Up to two million tires are at the bottom of the ocean floor off the coast of
With the power of government and the green movement of the 1970s, the process was set into motion to build artificial reefs from used tires. All ABC could say was that “someone” had gotten the idea going.
“This is one of those ‘it seemed like a good idea at the time’ stories,” said ABC Correspondent Jeffrey Kofman.
On the June 6 broadcast of “World News,” Kofman reported just how this concept was set into motion. “More than 30 years ago, someone had the good idea of solving two problems at once – get rid of a lot of used tires and at the same time, create an artificial reef to attract fish, coral and tourists.”
The fish never took to the artificial reefs, though, and the tires ended up causing more damage to the existing natural reefs. “What’s happening is the tires are bumping up against the coral, breaking pieces off, causing adverse impacts to the natural system,” Holly Bamford, an oceanographer for the NOAA Marine Debris Program, told ABC News.
“It will cost several million dollars. It will take several years ( to fix the problem),” Kofman said. How much exactly? The Washington Post reported it will take $3 million to $5 million, most of that provided by the taxpayers, just to dispose of the tires once they are retrieved from the bottom of the ocean floor.
However, the ABC story avoided pinning the blame on any specific cause or government agency. “So back in 1972 with government approval, flotillas of boats headed off shore to heave tires into the ocean,” added Kofman.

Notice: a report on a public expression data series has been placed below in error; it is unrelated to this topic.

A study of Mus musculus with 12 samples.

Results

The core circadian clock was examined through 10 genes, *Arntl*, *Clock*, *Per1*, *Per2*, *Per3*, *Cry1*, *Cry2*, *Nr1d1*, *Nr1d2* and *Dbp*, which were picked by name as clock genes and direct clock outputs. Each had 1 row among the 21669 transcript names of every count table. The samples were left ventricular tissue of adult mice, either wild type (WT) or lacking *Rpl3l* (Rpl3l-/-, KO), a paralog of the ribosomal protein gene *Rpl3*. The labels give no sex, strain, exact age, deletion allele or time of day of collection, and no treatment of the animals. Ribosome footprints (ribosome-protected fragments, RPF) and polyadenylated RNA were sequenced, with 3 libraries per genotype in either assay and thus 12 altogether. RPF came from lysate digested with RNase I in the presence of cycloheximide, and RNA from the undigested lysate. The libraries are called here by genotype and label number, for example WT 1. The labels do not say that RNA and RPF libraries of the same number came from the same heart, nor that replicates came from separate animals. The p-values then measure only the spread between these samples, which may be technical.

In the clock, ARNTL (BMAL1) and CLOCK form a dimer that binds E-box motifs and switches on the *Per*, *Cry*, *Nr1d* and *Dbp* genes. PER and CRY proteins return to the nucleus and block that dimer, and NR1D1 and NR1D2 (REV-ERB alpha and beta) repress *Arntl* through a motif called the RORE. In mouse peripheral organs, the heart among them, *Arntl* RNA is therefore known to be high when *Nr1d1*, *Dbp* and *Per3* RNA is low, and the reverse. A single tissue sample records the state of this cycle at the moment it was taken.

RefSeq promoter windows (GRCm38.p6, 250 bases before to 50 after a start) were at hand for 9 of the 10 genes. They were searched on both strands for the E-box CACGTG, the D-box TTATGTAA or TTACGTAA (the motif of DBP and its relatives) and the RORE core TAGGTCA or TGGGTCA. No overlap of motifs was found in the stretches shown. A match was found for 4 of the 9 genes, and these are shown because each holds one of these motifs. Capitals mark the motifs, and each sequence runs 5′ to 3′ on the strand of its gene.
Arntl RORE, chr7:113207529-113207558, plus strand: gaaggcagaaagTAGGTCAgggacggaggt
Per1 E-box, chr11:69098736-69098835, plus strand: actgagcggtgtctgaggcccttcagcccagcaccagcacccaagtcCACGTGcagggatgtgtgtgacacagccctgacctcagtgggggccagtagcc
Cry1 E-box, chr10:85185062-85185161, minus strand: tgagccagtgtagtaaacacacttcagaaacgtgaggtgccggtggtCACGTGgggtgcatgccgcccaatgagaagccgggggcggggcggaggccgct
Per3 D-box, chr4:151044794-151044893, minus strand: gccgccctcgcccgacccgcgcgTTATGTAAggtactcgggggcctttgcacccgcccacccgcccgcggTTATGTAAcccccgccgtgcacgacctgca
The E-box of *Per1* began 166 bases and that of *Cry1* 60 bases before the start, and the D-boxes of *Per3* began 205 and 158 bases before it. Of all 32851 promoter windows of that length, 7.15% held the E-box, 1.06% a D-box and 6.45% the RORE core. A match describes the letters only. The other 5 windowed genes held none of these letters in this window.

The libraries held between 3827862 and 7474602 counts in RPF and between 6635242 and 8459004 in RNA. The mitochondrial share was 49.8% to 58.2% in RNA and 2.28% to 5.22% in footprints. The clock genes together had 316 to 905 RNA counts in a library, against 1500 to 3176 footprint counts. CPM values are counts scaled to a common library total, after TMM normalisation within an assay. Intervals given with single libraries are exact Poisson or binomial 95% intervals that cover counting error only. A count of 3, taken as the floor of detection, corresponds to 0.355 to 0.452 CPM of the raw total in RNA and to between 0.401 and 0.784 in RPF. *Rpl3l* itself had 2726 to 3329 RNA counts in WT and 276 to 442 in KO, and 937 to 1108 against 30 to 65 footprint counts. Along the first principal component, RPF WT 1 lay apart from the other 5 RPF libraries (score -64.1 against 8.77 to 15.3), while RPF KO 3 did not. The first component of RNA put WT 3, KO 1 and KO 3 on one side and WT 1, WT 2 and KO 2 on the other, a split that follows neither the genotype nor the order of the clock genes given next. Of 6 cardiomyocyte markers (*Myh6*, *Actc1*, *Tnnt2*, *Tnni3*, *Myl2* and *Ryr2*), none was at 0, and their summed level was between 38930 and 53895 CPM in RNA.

The truth is, Ray McAllister, a professor emeritus of ocean engineering at
According to a July 18, 2003 South Florida Sun-Sentinel story, Gregory McIntosh, also a member of McAllister’s Broward Artificial Reef Inc., gave a presentation at Texas A&M about the uses of tires to create artificial reefs. “Tires, which were an esthetic pollutant ashore, could be recycled, so to speak, to build a fishing reef at sea,” McIntosh said. However, McIntosh declined to comment about the tire reefs to the Sun-Sentinel in 2003.
McIntosh now runs his own reef consulting company and was named the U.S. Coral Reef Task Force’s director of Latin Affairs in 1999. The U.S. Coral Reef Task Force is a federal government agency created by the Clinton Administration in 1998. In 1999, the agency adopted the Department of State's statement on coral bleaching and climate change blaming “anthropogenic global warming” for “increasing sea surface temperatures, the extensive coral bleaching, and the coral mortality that has occurred.”
The construction of artificial reefs out of waste products was a practice touted by some environmental causes for “improving fish habitat.” The December 1985 issue of National Geographic reported a National Marine Fisheries Service study that showed “catches over a tire-and-vessel artificial reef equaled those over nearby natural rock reefs.”